This is a special project of the Jefferson County MSGenWeb Project


1904 Jefferson County Officials



Supervisor, District Five and

President of the Board of Supervisors

C. D. Scott

Supervisor District One

B. H. Wade

Supervisor District 2

William M. Geoghegan

Supervisor District 3

R. O. Hornsby

 Irie, MS

Supervisor District 4

J. C. Shelton, Chancery Clerk


     To his deserved popularity and business qualifications is due the success of the subject of this sketch.  Mr. Shelton was born in Copiah County September 1, 1870, and came to Jefferson County in 1894. In the ten years of his residency he has successfully been a member of the Board of Supervisors, Sheriff and Tax collector, and in 1903 was elected to his present post as Chancery Clerk. He received his education at Union Church High School and at the Mississippi A. & M College. Subsequently he took a commercial course at Wyatt’s Business College, Jackson. Miss. For four years he was employed by Laz. Levy’s Sons, Port Gibson, Miss. Mr. Shelton is an example of what a young man can do who combines honesty with his progressiveness.


Charles Clarke Coffey, Circuit Clerk


     Mr. C. C. Coffey, the present Clerk of the Circuit Court of Jefferson County, is a son of the late Capt. C. S. Coffey, an old and respected citizen of Jefferson County, and a soldier of distinction in both the Mexican and Confederate armies. Captain Coffey organized and was captain of the “Thomas Hinds Guards,” the first company which left for the war from Jefferson County.

     The subject of this sketch was born in Fayette January 27, 1853, and from 1867 to 1870 attended the University of Mississippi. He was elected Clerk of the Circuit Court in 1884, and served as such until 1896, when he was elected Sheriff of the county. Upon the expiration of his term in 1900 he retired to private life, but in 1904 he was again elevated to the Clerkship of the Circuit Court. Mr. Coffey stands high among his fellow citizens and is a competent, capable and accommodating official.

F. R. Noble, Sheriff


     One of Fayette’s most enterprising citizens, is a native of Franklin- County, where he was born October 7, 1868. This gentleman, Mr. Felix H. Noble, spent the early years of his life in Brookhaven and attended school in that place. In 1891 he moved to Harriston and conducted a livery business and three years later came to Fayette, establishing a similar business. He was elected Mayor of Fayette and served during the years 1897-1898. In 1903 he was elected Sheriff of Jefferson County and is the present incumbent. To Mr. Nobles push and energy is due, to a large extent, the substantial growth of Fayette, and that his efforts have been appreciated by his town and county-men is testified to by his election to the offices which he has held.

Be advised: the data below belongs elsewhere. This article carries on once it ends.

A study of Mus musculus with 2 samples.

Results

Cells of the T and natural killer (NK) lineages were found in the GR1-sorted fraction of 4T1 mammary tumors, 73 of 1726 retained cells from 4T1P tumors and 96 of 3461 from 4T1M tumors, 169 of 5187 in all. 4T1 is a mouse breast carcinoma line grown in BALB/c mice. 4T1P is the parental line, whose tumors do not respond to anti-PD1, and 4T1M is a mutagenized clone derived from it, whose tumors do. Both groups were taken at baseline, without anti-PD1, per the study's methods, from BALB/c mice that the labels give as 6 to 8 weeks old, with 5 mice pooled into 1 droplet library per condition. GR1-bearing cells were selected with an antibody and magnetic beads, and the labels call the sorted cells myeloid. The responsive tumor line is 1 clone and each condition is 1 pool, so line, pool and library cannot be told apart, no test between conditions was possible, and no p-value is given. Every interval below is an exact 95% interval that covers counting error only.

Jeff Truly, Judge


     Judge Truly is yet a young man, having only passed the forty-second year of his life and not quite the twenty-first year of his career as a lawyer. He was born In Fayette July 21, 1861, on the day the battle of Manassas was fought; was educated in the common schools of the county, afterward at tending a high school in Natchez. In 1879 he entered the law office of the late Capt. J. J. Whitney, of Fayette. and studied under him two years; in 1881 and 1882 he was in Saint Joseph, La., and further prosecuted his studies in the law office of Steele & Garrett (the senior member of this firm afterward moved to New York, and became District Attorney of Cook County. Upon leaving Messrs. Steele & Garrett. Mr. Truly matriculated at Tulane Law College, New Orleans, and took a common law course. He was admitted to practice in the fall of 1883, hanging out his shingle In Fayette, and at once showed such energetic zeal and level-headed grasp of facts, as well as a splendid ability to analyze evidence and understand human nature, that he very quickly built up for him self a lucrative practice which continued to grow until December 1, 1898, when he was appointed Judge of the Sixth District by Governor A. J. McLaurin. He has served out one full term as Circuit Judge and was re-appointed by Governor Longino. To know of his success in prompt dispatch of business before his courts, quick and uniformly fair and correct rulings, and impartial and fearless Judgment in all matters before his tribunal, one has only to ask the attorneys who practice at the various bars in the district for an opinion.
     Judge Truly was appointed Associate Justice of the Mississippi Supreme Court in August of last year, by Governor Longino. His appointment is for a term of three years, and is to fill out the unexpired term of Judge Terrall, who died last spring.
     Judge Truly owns considerable property in Fayette and Jefferson county; is a stockholder in and director of the Jefferson County Bank; is a thoroughly progressive citizen, and led the local fight for the installation of the waterworks and electric light plant.